Buccaneering opener Virender Sehwag heaped praise on his partner Gautam Gambhir after the first day's play of the second Test here. He called Gambhir “the next superstar.” Sehwag said Gambhir was India's best opener since Sunil Gavaskar.
“He can achieve what Gavaskar has achieved. He is supremely talented. I think he can score a hundred in every Test. I remember that he once scored five successive hundreds in first class cricket.”
Sehwag notched up his 16th Test hundred while Gambhir scored his eighth at Green Park on Tuesday.
On what he told Gambhir at the start of the innings, Sehwag said, “Today I just told him to think big and believe that he will score another century. There's a lot more he can achieve and he will do it in the coming years.”
Only Gavaskar and Rahul Dravid had earlier scored hundreds in four successive Tests for India. Gambhir has joined a special club.
The left-hander's run of hundreds started against Australia in the second Test at Mohali last season. Subsequently, he has missed a century in only two - in Chennai against England and at Hamilton against New Zealand - of his next eight Tests. And two of his centuries, at Napier and Ahmedabad, have been match-saving efforts.
Sehwag admitted Gambhir's batting at the other end enabled him to lift his own game on day one here. “Since Gautam was batting so well when I was not timing the ball, we could maintain a run rate of three per over. So there was less pressure on me.”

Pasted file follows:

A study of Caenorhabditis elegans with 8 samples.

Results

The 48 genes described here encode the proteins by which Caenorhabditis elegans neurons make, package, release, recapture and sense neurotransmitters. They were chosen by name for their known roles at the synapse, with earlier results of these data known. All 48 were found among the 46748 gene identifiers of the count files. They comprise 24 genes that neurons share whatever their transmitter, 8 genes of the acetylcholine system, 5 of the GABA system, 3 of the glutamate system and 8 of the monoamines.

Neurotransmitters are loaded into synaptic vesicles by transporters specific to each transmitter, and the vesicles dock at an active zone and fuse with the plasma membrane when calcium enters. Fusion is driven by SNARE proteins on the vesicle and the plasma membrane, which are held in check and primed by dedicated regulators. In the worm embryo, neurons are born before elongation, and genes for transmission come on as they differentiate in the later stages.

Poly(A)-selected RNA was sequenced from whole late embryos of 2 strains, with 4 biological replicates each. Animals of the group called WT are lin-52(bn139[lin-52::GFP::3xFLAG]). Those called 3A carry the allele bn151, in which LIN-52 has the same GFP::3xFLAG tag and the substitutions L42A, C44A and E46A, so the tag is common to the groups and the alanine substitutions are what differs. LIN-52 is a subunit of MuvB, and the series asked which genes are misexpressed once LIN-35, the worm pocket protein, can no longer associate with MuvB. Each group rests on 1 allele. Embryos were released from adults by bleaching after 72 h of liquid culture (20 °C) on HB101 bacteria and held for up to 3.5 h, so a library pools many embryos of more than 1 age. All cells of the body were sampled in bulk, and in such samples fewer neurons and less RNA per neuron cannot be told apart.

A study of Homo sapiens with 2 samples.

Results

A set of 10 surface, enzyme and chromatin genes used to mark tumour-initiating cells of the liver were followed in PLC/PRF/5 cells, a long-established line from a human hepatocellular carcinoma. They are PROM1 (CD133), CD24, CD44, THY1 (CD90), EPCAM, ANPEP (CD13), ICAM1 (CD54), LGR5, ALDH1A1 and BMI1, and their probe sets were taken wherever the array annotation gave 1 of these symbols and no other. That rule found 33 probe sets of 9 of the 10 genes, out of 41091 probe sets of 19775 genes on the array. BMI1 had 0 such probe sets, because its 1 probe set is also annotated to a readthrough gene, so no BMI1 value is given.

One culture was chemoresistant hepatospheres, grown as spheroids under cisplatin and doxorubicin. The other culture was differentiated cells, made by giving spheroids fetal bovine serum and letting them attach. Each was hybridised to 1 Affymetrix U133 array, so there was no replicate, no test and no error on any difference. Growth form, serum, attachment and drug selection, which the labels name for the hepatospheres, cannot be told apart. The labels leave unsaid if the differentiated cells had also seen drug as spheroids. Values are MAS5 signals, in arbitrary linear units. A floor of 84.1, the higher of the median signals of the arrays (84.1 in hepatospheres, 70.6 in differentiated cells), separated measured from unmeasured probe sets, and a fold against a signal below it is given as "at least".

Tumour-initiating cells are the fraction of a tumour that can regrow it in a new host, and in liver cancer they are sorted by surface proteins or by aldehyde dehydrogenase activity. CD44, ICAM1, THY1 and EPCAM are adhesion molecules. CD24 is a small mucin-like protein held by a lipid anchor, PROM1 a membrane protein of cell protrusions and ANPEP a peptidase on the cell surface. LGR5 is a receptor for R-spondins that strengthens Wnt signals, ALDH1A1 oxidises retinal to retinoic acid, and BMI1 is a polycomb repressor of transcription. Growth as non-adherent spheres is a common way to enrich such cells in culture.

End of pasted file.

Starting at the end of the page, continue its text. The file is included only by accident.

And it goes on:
Sehwag added, “I just told myself to play watchfully in the first ten overs for there was some assistance for the pacers, some moisture on the wicket. I knew it was only a matter of time before the moisture disappeared and I could go for the big shots. So I kept telling myself to leave balls outside the off stump. Sri Lanka has three spinners and I just waited for them to be introduced. I know I'm a good player of spin.”
On batting against Muttiah Muralitharan and Ajantha Mendis, he said, “They bowled well but we batted better. Mendis had been effective against us in Sri Lanka. But I think we have tackled him well this time. We didn't target any particular bowler. We attacked whichever ball we felt like attacking. And there was no help for the bowlers from the wicket either.”
Dwelling more on the nature of the pitch, Sehwag said, “It looks similar to the Motera wicket, but it's slower and lower. But usually, the Kanpur wicket breaks up from the third or the fourth day. So we are planning to bat all of tomorrow and score around 700 or 800 and put them under pressure. We have done that in the past against Australia in Mohali. We made a huge first innings total and managed to get 20 wickets. The bowlers we have are capable of bowling Sri Lanka out twice.”
That was a match where Gambhir scored a match-winning hundred. It was the beginning of the southpaw's surge.